What did you do on your summer vacation?

It’s the time of year that those of us who find ourselves in the Northern Hemisphere start to ask each other, “What did you do on your summer vacation.” According to the calendar, autumn doesn’t begin until the third week of next month. In the US of A, Labor Day, the de facto end of summer, is next Monday. If you’re a Starbucks denizen, Pumpkin Spice lattes are already back as of a couple of days ago.

This summer my sister and I traveled to visit our aunt, uncle, and cousin in Brittany. Though the closest village was only a few miles away, the closest village with restaurants, grocery stores, florists, and a weekly market was further down the road. The mobile network was too overwhelmed by beachgoers during the day and so slow the rest of the time to make me miss modems and dial-up connections.

As if that wasn’t enough, the Internet connection to the house was broken. The bar and restaurant, less than a 10 minutes’ walk away, was civilization’s only outpost in a neighborhood surrounded by water on nearly all sides. During the day I didn’t want to spend much time stretching my coffee, away from the reasons for my being there. And at night, I could only lurk in the dark on the street, after closing hours, to connect to the Internet via my phone. What little time I could connect, I used to keep up with the personal side of life, but, whether I wanted it or not, my trusty, always-on tether to the interwebs was gone.  

The heatwave that hammered Europe this summer was unforgiving and unrelenting. The family’s house stayed relatively cool, but some days were so unbearably hot that our walk around the promontory waited until dusk. When the weather broke, we ventured out en famille. I swam in the Atlantic again. The comforting – and delightful – constant were the daily sights, smells, and tastes of my aunt Michelle’s French cooking.  


Away from home and my desk, far from any Feldenkrais® table or classroom, my Awareness Through Movement® (ATM®)  practice continued. One rainy day, without the invading vacationers, I found a place I could eke out just enough of a connection to participate in one of the daily online groups of Feldenkrais teachers teaching teachers. I had recordings  as well as notes and transcripts to guide me through other lessons. My sister and I did one lesson together. I spent time preparing the lessons I was teaching in this year’s ATM summer camp as well.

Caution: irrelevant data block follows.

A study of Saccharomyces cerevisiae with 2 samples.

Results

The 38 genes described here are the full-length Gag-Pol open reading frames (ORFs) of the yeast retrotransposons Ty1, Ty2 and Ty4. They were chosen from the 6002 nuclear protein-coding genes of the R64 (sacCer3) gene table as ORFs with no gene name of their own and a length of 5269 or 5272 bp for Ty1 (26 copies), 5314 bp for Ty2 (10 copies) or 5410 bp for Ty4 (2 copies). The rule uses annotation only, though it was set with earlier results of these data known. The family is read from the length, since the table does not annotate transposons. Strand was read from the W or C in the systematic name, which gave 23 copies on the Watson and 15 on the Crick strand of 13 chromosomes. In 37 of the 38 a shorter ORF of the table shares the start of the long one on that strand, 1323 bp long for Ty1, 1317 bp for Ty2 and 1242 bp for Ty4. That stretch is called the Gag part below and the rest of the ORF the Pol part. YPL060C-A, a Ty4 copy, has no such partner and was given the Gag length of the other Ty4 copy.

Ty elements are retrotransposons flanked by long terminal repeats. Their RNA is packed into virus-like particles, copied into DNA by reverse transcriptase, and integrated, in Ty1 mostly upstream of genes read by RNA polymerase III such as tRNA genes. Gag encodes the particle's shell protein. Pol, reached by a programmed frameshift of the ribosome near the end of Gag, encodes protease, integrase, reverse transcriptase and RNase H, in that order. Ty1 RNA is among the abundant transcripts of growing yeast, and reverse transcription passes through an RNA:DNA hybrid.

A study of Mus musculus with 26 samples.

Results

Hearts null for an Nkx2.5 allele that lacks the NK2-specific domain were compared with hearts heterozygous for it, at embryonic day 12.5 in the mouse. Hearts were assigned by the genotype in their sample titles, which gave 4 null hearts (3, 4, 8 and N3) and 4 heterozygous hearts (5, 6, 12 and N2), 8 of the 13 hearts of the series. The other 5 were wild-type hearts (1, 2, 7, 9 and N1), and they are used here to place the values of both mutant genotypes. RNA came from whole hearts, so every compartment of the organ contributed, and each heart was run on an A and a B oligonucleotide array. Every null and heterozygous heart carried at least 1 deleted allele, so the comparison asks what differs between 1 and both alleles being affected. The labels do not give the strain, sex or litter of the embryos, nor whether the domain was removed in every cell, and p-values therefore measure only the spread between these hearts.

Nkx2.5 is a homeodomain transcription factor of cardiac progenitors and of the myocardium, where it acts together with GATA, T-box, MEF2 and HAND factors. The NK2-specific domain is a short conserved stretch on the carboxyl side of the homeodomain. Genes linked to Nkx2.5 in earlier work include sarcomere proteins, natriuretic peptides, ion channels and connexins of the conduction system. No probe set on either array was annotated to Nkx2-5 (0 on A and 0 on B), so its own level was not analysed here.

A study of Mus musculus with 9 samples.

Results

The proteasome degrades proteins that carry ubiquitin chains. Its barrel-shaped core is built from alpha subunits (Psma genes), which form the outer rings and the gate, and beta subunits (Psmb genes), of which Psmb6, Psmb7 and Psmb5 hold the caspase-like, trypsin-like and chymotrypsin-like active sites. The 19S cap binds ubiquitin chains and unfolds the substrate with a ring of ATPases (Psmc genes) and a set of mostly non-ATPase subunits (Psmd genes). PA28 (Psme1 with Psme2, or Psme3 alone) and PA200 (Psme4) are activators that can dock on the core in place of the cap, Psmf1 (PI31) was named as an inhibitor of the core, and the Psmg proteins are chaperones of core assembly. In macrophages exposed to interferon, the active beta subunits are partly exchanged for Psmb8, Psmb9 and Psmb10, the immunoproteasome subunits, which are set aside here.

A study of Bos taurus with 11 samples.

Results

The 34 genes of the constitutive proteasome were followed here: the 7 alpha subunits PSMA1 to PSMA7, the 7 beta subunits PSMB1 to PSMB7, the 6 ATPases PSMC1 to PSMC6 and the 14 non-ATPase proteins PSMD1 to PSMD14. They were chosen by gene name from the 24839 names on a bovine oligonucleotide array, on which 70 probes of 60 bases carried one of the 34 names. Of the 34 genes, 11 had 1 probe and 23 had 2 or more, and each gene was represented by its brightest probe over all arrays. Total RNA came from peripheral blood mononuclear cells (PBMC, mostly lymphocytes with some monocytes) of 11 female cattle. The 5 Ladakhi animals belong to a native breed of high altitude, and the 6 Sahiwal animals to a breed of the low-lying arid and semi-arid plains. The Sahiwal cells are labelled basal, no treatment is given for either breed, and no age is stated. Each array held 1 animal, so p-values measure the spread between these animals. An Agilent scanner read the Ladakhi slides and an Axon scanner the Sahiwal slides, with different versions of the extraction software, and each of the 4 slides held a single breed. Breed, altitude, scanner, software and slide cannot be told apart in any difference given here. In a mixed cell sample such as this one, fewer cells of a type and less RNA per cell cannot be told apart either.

interrogating, testing, breaking, and learning from the new lessons I’m developing.

My practice is constant, well, to be honest, it’s practically constant. Please hear me out ‘cause I’m not just playing with language. What I mean is that some days it just isn’t practical to practice. You could say that I’m compulsively non-compulsive about doing lessons. I don’t do them because I have to, I do them – on the floor, in a chair, with a big sturdy foam roller, half-kneeling, and standing — because they call me, tap me on the shoulder, whisper in my ear. What I discover during the lesson, I bring into my life. Well, not quite. I don’t try to hold on to what I discovered or improved nor do I try to find it again. Instead of focusing on the result, sometimes I repeat some small section of the process, repeating a small experiment that leads to discovery, learning the path to discovery.

In some way, I practice for the same reason that I travel. When I return from a trip and after a lesson, my world is different, my perspective has shifted. Both in traveling and doing a lesson, as I explore unknown territory a new perspective emerges so that when I come back home, home is different. I experience new possibilities, without trying to do anything, they’re just there.

Besides doing and learning from existing lessons, I also do my personal R&D. When developing new lessons, instead of following existing directions, I start with an idea and a toolbox of questions. I apprentice myself to an action, feeling my way along the edges an action, exploring its textures and underpinnings, patiently searching out the path of least resistance, selectively closing off options to discover connections and possibilities, and listening while moving and when still.  

The day my vacation was over, I marked the transition by teaching the same group I’d participated in as a student. The lesson du jour was taught some 50 or so years ago by Dr. Feldenkrais on Alexandar Yanai Street in Tel Aviv. It’s called WITH THE PALM UP, TWISTING (AY 386). There’s a moment in the lesson when by just moving your eyes, you feel the muscles of your back engage and your pelvis moving. It’s one of those startling revelations that I love so much about this way of learning: what’s usually made invisible by the hubbub of everyday life, is revealed. In the midst of the lesson, I sense the coordinating action of my nervous system at work.

Instead of teaching the lesson verbatim from the transcript, I followed the original score, paraphrasing the instructions, quoting some of the founder’s language to connect my contemporary interpretation to its source, so that I would be able to make the recording available without any copyright restrictions. For your transition back from vacation or as a contribution to your daily practice, I offer you this lesson. Please note that this is an unedited, raw recording of the lesson exactly as I taught, imperfect, in the moment. You can stream or download the file by clicking here.